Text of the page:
Fighters in Space

Thanks to George Lucas and his Star Wars films, modern SF has developed a love affair with fighters in space. Lucas used WWII aircraft footage as reference material for the special effects teams working on Star Wars and the influence is clear.

This led to a lot of imitators and copycats, all loving the carrier and fighter in space motif. For me to really became too much when the SF program Space: Above and Beyond (which I refereed to as Space: Abort and Begone) aired. In the program, which really was just WWII set in space, during a briefing pilots are advised to remember that the enemy fighter can out climb the allied fighters. Out – fucking – climb in weightless space. What the hell are they climbing against?

There are reason why carriers and fighter make perfect sense for wet navies, but trying to put them into space just makes the writer look all wet.

First, Ships and Planes travel through different media. A ship has to push water, heavy incompressible water, in order to move. This requires a great deal of energy to get very little speed. The USS Lexington in WWII could go at an astounding 34.5 knots.  (39.7 mph) to do this speed required 150,000 standard horsepower. An F4F Wildcat cruised at 155 mph, could go as fast as 318 mph on 1200 standard horsepower.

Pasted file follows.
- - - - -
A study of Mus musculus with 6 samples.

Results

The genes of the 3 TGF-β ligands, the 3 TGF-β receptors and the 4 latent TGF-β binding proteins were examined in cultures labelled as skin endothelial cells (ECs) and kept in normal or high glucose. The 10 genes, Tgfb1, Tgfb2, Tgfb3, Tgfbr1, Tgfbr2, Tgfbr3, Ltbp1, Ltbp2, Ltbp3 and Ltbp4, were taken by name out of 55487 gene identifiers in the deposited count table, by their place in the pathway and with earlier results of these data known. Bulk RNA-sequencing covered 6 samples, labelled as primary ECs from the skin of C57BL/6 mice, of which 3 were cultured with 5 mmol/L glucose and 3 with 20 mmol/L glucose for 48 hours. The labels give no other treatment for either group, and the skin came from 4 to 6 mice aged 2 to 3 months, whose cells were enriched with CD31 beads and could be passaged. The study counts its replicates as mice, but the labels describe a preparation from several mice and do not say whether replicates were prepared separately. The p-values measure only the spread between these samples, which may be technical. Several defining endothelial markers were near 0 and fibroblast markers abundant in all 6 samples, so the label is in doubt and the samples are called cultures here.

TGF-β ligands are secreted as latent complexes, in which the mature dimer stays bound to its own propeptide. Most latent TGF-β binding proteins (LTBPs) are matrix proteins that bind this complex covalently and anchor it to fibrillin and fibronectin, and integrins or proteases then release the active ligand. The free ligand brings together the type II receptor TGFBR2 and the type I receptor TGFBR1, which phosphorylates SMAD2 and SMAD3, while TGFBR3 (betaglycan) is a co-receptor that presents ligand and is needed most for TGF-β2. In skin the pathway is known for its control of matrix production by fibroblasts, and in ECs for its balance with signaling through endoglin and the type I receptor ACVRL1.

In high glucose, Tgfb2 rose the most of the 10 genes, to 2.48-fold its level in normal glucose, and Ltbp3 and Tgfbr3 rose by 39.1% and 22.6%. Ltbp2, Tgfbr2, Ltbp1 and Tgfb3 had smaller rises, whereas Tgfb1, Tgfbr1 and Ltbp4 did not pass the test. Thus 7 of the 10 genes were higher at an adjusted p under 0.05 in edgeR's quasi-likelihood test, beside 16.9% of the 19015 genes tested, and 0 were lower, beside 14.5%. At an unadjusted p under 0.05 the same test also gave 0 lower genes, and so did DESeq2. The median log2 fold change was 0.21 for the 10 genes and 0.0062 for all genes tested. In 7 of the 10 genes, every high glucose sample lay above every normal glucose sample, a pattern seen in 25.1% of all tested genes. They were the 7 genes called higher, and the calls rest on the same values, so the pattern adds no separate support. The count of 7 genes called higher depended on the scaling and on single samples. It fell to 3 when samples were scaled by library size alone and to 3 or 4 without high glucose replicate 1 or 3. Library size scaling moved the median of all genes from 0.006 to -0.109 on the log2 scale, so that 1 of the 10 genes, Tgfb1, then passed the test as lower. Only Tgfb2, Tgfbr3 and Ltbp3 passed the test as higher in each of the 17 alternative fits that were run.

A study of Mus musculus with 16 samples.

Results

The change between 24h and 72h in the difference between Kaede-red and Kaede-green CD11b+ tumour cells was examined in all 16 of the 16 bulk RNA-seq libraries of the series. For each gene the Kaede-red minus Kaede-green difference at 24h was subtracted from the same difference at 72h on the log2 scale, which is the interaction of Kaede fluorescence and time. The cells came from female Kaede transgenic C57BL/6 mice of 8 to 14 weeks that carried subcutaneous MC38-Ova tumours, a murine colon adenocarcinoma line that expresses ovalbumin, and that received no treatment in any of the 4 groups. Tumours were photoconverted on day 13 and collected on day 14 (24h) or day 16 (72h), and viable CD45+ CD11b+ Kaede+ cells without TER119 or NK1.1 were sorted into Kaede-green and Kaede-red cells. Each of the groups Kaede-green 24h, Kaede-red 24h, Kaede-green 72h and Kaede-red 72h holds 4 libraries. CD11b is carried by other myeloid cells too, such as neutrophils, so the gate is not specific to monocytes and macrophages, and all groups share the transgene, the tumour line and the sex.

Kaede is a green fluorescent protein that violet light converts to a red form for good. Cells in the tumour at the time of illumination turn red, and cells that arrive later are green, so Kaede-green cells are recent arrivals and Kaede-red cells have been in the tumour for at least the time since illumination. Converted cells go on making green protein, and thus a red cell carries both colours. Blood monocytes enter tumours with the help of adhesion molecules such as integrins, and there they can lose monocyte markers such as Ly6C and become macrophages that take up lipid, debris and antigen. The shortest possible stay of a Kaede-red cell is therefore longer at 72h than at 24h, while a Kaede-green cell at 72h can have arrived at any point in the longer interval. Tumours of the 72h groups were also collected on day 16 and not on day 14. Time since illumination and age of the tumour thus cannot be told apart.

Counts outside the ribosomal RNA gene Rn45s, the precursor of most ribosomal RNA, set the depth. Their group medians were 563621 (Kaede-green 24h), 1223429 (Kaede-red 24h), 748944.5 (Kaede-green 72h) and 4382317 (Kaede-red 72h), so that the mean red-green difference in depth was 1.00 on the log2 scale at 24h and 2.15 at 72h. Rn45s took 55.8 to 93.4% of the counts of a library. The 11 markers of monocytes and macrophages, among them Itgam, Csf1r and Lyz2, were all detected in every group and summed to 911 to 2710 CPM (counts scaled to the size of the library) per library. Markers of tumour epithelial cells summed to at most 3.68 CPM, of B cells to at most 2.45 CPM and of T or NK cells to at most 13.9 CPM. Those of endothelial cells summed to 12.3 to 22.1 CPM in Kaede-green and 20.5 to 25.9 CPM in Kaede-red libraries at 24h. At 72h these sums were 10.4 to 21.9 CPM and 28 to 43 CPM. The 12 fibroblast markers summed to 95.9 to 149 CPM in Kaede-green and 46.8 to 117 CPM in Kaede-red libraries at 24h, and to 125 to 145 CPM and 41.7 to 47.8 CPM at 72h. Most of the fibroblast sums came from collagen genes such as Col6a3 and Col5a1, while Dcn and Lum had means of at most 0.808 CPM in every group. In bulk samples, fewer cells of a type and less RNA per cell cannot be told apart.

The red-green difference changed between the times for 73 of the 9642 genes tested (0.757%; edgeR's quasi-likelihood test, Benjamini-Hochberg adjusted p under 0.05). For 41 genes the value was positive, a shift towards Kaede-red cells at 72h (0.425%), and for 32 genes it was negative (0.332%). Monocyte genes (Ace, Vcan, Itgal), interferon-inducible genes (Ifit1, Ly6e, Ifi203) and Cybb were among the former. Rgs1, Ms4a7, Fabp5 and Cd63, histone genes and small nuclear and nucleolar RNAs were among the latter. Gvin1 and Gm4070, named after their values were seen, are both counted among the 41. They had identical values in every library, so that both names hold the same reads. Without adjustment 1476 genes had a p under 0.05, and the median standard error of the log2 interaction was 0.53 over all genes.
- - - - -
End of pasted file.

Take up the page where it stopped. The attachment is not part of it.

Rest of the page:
Nearly ten times as fast on less than one-tenth the power.

In space, the carrier and the fighter are traveling through the same medium, vacuum. There is no intrinsic reason why a fighter would be so much faster than a carrier. (yes the fighter has less mass, but if you have motive power that accelerate the fighter that fast, you have it for the big ship too, just takes more.)

Another reason planes and carriers makes sense on planetary surface is that planets are curved. Planes give ships an over the horizon spot capability. (In fact before WWII it was thought that spotting and scouting was the reason for Carriers, and that fighting would remain the domain of the big gun ships. The Imperial Japanese Navy persuaded us otherwise.) A ship in space has no horizon to limit detection. No need for small vulnerable spotters.

The third element that makes the airplane useful to surface navies is that the plan can carry a weapon load-out capable of sinking a ship. Note that this is general not done with the plane’s machine-guns or cannons. The attack planes carried either bombs or torpedoes. (Today it is the guided missile carried by planes that make them deadly to ships.) In SF movies we don’t see attack craft with one or two big heavy ship killers; they always attack big target with the same guns they used on the enemy fighters. Damn silly.

In terms of physics and real world analogs, space combat is going to look a lot like submarine warfare. Lots of sneaking. (if that’s possible — it may not be.) Cramped tiny spaces, and long range missiles or torpedoes for killing their targets. Note that under the water, with everyone in the same media, we don’t have carrier and fighters.